RBA relatively relaxed about the housing market: AMP Capital's Shane Oliver

RBA relatively relaxed about the housing market: AMP Capital's Shane Oliver
RBA relatively relaxed about the housing market: AMP Capital's Shane Oliver


Having just cut rates again last month and with the economy running okay and nothing new on inflation in the last month, it was no surprise to see the Reserve Bank of Australia leave rates on hold at 1.5 percent at its September meeting.

This was the consensus and our own expectation.

The Statement accompanying the RBA’s decision to leave interest rates on hold was little changed bar a bit of tweaking here and there…maybe Philip Lowe will do a bigger re-write when he takes over for the next meeting. 

The RBA continues to see the global economy growing, financial markets functioning effectively and the Australian economy continuing to grow but labour market indicators being somewhat mixed, inflation remaining quite low, an appreciating $A complicating the adjustment in the economy and seems rather sanguine regarding the housing market.

While the RBA’s statement lacks a clear easing bias it is noteworthy that its June statement  (the RBA having just eased in May) was also largely interpreted as neutral with an easing bias only returning (expressed via a reference to the Bank awaiting “further information”) in July ahead of inflation data to be released later that month. So if history is any guide the October statement should be watched for any return to an easing bias ahead of September quarter inflation data due later that month.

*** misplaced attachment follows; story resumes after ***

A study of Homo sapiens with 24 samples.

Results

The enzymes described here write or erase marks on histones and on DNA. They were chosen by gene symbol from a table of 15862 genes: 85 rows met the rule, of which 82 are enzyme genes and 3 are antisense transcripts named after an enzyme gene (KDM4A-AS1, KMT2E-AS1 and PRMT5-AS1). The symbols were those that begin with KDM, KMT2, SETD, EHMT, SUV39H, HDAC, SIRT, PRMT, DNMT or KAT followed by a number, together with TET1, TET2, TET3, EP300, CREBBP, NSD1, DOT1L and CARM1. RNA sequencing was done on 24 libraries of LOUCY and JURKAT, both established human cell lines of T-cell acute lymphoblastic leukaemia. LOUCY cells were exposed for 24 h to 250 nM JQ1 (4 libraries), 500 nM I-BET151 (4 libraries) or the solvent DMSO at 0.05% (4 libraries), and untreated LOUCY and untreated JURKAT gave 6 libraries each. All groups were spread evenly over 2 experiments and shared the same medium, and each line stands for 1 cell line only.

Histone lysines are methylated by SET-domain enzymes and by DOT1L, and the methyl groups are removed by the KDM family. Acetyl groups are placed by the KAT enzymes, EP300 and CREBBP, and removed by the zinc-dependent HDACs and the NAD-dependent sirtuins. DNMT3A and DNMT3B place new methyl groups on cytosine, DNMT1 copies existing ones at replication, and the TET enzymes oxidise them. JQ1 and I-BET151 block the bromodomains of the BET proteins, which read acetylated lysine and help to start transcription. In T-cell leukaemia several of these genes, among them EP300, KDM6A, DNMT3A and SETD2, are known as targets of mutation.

Perhaps a surprising aspect of the RBA’s statement is its relatively sanguine comments regarding the housing market. I would have thought the bounce back up in auction clearance rates in Sydney and Melbourne and renewed strength in housing finance would suggest that this year’s rate cuts have reinvigorated the already hot property markets in those cities suggesting the case for another bout of RBA “jaw boning” and possible APRA action to cool things down again. At this stage the RBA appears more comfortable in waiting for surging apartment supply to cool things down.

We remain of the view that the RBA will cut rates again at its November meeting when it reviews its economic forecasts after the release of the September quarter inflation data in late October. The risks to inflation are on the downside thanks to underlying deflationary pressures globally and record low wages growth domestically and the $A is still too high and at risk of further appreciation given the Fed’s endless delays in raising rates again.

However, with economic growth holding up very well – data for public spending, sales, profits and inventories released over the last few days points to June quarter GDP growth accelerating further to 3.5 percent year on year – this is a close call and is now critically dependent on seeing a lower than expected September quarter inflation result. Either way a cut in the cash rate to 1% or below and the adoption of quantitative easing looks very unlikely in Australia.

SHANE OLIVER is head of investment strategy and economics and chief economist at AMP Capital and is responsible for AMP Capital's diversified investment funds.